Developer / Publisher – FuturLab
Price – US $19.99 / EU €19.99 / UK £12.99 / AU $24.95
Release date – July 25, 2017
Control Method – DS4
Pro Patch – No
Digital only – Yes
Reviewed on – PS4 Pro
Scalextric has seldom been reproduced on gaming consoles as far as my gaming knowledge is concerned, and after experiencing Tiny Trax, I can now understand why. There have been plenty of arcade and console games such as Super Sprint, Indy Heat and Micro Machines, all featuring the same style racing from a bird’s eye point of view, Tiny Trax has a fixed rail racing line as befits a Scalextric track but the hustle and bustle of jockeying for first place is sadly missing, and with that, much enjoyment.
The game is comprised of 3 different themed courses; Pirate Bay, Alpine and Intergalactic, each consisting of four tracks. The tracks offered up are very stylized and colorful leaving us with a cartoony look that features very creative use of the themed courses with imaginative surroundings and interactive sections. These mini roadways offer a twisty, windy run with plenty of ramp jumps and gravity defying turns. Pirate Bay for example has one stage which feature the lower half of the track immersed underwater. Dip your headset so your head is submerged and the visuals and environment take on a bluish, bubbly tone and the sound effects become all warbled. Tiny Trax does have clever ideas such as this, which is an essential requirement as to ensure that everything becomes more involved and interesting. The art and creative development team have done a superb job in dreaming up a wonderful play area with plenty to admire.
Upon loading, a short tutorial details the controls and allows you to determine exactly how you wish to view the play area. The tracks can be zoomed in and out and positioned so you feel comfortable with your playing distance. The main screen then allows you to choose between cup and single races as well as multiplayer. You are then free to choose between a variety of vehicles and colors. None of the vehicles though possess any differences in how they handle, it’s all just aesthetics.
Control of your vehicle as you race around the track is by Dual Shock. The right trigger button for acceleration, X for a boost and the thumb stick to maneuver around the corners. The tracks consist of 2 racing lines which the vehicles are glued to, but a press of the square button lets you switch lanes thus attempting to overtake.
There are 5 laps to each race and completion of each cup unlocks the next set of courses. My main bone of contention with Tiny Tracks is both the Scalextric style gameplay and control system. Both those factors provide a game which, although very pleasing to look at and be immersed in, lacks fun and variety giving this game very little appeal. If Tiny Trax was of the Super Sprint, free moving theme, then this game coupled with its clever ideas and graphical style would have scored quite highly. As with a Scalextric track, a press of the trigger button propels your car forward following your racing line but here you need to turn corners and jump bridges. As you approach a corner, successfully negotiating it is all down to timing. A graphical icon around your vehicle shows a circular bar which you need to time correctly. Too late or early on a turn, or press the thumb stick too far then you find your vehicle stalling and coming to a complete stop. Time your cornering perfectly on the green indicated sweet spot and you increase your boost bar.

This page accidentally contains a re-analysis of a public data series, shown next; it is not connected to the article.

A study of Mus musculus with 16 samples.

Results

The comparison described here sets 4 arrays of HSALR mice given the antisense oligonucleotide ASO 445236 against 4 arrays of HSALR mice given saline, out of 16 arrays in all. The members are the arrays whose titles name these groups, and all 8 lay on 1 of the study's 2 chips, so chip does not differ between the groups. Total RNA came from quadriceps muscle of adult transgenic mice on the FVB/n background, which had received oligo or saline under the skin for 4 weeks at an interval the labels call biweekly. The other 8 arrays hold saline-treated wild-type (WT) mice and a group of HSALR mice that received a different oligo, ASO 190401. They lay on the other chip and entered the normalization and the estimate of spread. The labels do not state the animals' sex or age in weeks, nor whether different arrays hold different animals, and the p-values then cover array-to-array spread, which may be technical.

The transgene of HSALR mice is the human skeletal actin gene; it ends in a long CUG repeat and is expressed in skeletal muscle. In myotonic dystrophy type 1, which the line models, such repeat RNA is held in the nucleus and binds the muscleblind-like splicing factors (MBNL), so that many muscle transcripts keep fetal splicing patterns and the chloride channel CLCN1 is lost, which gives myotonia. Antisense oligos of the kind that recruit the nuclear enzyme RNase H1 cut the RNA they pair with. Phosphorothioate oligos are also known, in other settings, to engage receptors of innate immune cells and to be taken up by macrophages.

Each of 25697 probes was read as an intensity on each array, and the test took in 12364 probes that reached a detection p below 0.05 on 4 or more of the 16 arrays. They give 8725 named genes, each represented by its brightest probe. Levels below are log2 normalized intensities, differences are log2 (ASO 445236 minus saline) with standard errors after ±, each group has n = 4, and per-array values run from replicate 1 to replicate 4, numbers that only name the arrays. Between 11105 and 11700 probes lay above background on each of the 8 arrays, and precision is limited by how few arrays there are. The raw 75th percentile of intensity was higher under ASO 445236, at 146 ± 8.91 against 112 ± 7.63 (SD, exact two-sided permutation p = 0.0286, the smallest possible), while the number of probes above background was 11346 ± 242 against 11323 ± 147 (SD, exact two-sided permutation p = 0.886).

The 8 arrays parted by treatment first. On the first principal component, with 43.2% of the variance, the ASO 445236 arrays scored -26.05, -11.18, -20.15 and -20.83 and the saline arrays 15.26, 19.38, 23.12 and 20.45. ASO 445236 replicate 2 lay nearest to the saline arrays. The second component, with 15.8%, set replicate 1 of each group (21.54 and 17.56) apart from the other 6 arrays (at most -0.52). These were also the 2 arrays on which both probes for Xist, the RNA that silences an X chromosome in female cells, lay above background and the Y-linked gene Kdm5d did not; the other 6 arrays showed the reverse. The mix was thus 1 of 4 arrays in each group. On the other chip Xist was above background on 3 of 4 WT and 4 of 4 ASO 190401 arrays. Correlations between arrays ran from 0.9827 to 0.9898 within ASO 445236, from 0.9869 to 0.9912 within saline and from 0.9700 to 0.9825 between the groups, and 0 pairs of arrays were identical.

After several hours of play, I never got used to this control method. I thought practice would have made it feel a bit more natural but I found it lacks the intuitiveness and fun, which a racing game should be. Instead I was constantly battling with this method and feeling increasingly frustrated. Furthermore, every race I played I ended up finishing in last position. I found the computer controlled opponents you face are far too good to be fair. Unless you perform a perfect 5 laps then you can kiss goodbye to winning. One slight mistake from the timed corners and you end up falling behind and once you do fall behind then there is little chance to catch up. It’s an infuriating situation where the computer controlled vehicles are faultless. With the Multiplayer option, at least both players can now suffer with this mechanic, making for a more fair race, albeit with the same lack of fun.
Also, aside from the different locations and tracks, each race still essentially provides the same experience. Hold down accelerate, traverse the cumbersome and frustrating corners for 5 laps until the finish, which is a welcome event, and than do it over again.
It’s a shame because if the control method was radically altered then it would have been a different beast. For anyone willing to persevere and master the controls, then they will probably get more out of the game, someone else may take to it better than me but in my case I just found it very unnatural and intrusive.
What would I Pay? At £12.99 it does represent good value if this game appeals and you are able to crack the control method. I feel for some it will be hit and miss, you will either love it or hate it.
FuturLab provided theVRgrid.com with a review ccopy of this game andd, regardless of our score, we thank them for that!